Sunday, December 02, 2007

...And That Will Be All For Romney

Until November 28, former Massachusetts Governor Mitt Romney was the leading Republican candidate on my list. Some of his shenanigans at the debate on Wednesday took him out of first place for me. He still had a chance to regain my support, but any chance he had of that went out the window when I read this piece by Clinton-era negotiator Mansoor Ijaz in the Christian Science Monitor, in which Romney said the following:
Based on the numbers of American Muslims [as a percentage] in our population, I cannot see that a cabinet position would be justified. But of course, I would imagine that Muslims could serve at lower levels of my administration.

OK, let's dissect everything that is wrong with this statement. First, Romney has the bizarre idea that a president's Cabinet nominations ought to be decided by the proportion of a nominee's racial, ethnic, or religious group. Diversity is good, but it's not an exact science and keeping proportions right never should preclude the choice of qualified candidates. (And isn't it usually the Republicans who make this point?). Second, since when did being a member of a small community eliminate you from consideration for a job? Sorry, you can't work here, your religious community is too small? Should we use this argument against Romney, too, since his religious community constitues less than 2% of Americans? Third, the most qualified Republican candidate for Secretary of State right now is probably U.N. Ambassador Zalmay Khalilzad - a Muslim. Should he be rejected for his religious beliefs (which, in a diplomatic position, could be a credit when we're trying to negotiate with Muslim nations)?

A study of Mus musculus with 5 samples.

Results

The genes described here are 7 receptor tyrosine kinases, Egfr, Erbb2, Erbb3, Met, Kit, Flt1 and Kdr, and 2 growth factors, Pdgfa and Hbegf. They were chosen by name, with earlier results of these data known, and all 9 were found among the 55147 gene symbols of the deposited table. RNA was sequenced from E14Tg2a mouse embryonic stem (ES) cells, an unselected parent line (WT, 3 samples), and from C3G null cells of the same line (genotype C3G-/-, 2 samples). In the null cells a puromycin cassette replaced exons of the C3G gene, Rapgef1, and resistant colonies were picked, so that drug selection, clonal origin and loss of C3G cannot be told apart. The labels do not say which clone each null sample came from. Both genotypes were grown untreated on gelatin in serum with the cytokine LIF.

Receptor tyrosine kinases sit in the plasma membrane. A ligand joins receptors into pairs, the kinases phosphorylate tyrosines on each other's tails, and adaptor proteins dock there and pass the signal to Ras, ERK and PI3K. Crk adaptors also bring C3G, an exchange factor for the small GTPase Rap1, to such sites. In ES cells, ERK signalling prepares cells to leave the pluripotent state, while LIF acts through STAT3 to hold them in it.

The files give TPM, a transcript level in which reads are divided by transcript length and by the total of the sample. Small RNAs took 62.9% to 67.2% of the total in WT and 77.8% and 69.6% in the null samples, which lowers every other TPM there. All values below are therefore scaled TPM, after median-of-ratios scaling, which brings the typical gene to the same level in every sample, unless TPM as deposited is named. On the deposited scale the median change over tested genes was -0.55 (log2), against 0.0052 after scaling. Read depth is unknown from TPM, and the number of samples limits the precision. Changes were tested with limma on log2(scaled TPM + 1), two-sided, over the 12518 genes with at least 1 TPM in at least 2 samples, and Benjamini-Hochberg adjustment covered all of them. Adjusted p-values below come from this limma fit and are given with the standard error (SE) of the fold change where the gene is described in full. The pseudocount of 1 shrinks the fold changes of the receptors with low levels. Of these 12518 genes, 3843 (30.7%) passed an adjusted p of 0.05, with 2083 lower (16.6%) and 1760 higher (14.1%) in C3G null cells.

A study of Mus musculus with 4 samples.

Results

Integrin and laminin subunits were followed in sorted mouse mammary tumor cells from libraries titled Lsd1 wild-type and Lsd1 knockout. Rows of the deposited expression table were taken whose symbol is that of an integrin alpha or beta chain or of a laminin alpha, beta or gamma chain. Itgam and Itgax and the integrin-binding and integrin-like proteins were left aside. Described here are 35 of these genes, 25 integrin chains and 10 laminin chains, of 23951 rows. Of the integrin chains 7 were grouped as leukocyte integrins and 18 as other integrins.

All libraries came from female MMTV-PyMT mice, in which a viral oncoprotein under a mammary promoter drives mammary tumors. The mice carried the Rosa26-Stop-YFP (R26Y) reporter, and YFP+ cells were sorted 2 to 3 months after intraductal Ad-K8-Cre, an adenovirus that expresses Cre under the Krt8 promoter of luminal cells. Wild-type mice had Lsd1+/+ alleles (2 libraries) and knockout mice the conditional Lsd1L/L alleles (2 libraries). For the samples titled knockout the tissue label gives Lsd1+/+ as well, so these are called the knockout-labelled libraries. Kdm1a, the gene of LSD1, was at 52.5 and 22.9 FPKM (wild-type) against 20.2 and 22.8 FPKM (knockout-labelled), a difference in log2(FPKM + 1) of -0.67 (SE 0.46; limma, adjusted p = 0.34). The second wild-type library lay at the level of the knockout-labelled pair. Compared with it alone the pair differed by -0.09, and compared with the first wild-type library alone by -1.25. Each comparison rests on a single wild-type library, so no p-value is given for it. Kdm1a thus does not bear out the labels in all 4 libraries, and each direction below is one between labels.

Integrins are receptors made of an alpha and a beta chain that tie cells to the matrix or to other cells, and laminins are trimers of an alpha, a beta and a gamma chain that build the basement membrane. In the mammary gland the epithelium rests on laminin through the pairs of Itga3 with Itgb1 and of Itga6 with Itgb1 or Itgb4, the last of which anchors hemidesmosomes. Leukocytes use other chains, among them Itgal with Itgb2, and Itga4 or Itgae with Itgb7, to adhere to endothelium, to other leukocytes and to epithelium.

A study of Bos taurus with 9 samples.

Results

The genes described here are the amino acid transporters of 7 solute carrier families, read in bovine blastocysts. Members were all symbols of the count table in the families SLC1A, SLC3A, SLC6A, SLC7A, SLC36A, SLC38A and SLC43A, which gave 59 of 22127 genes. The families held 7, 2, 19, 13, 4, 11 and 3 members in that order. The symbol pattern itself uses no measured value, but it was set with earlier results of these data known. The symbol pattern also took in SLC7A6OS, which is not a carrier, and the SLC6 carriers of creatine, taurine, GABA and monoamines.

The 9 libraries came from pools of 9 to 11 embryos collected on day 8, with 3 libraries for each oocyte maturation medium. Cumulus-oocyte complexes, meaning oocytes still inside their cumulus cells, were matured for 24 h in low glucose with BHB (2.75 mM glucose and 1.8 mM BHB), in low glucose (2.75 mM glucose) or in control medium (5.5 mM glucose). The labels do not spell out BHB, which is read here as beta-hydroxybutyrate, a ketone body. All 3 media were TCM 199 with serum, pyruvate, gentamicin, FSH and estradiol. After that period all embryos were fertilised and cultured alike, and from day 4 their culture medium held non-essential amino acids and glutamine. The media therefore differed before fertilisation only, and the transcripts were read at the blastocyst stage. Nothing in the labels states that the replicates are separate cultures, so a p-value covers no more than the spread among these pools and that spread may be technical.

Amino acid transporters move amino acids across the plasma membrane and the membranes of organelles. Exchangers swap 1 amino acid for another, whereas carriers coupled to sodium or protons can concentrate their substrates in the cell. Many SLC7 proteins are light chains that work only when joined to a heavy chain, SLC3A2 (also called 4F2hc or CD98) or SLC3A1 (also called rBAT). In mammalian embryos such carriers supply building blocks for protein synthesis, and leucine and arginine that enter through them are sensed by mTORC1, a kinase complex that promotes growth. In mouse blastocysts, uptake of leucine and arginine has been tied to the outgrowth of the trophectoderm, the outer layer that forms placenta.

Put more succinctly, what the heck is Romney trying to get at here? Is he saying that he'll only nominate a Muslim if he has to, and he doesn't feel like he has to, so he won't? If so, this is identity politics at its absolute worst. As a member of a historically kicked-around religious group, Romney should know better than to exclude someone based on their religion.

Is Romney saying he wouldn't nominate a Muslim because of a possible association with the crazy-bastard jihadists? I doubt it, since he did say Muslims could serve in his administration. But if so, it's proof that he doesn't understand the difference between a Muslim and a radical Muslim, and thus he's a bigger foreign-policy idiot than anyone thought.

I hope none of this is true. I hope that Romney simply misinterpreted Ijaz's question - maybe Romney thought the question was "would you feel obligated to nominate a Muslim" instead of "would you nominate a qualified Muslim." If so, then he's back in my mediocre graces. But he needs to explain himself - and soon - before this really blows up in his face.

1 comment:

Mike said...

After Ron Paul (of course), my favorite Pub is still John McCain; while his sudden change in catering to the religious right bothered me initially, I now recognize it as merely pragmatic (and them as dumb enough to fall for it) and am no longer worried.

Honestly, though, I'll be surprised if this little Romney statement makes all that big of a splash.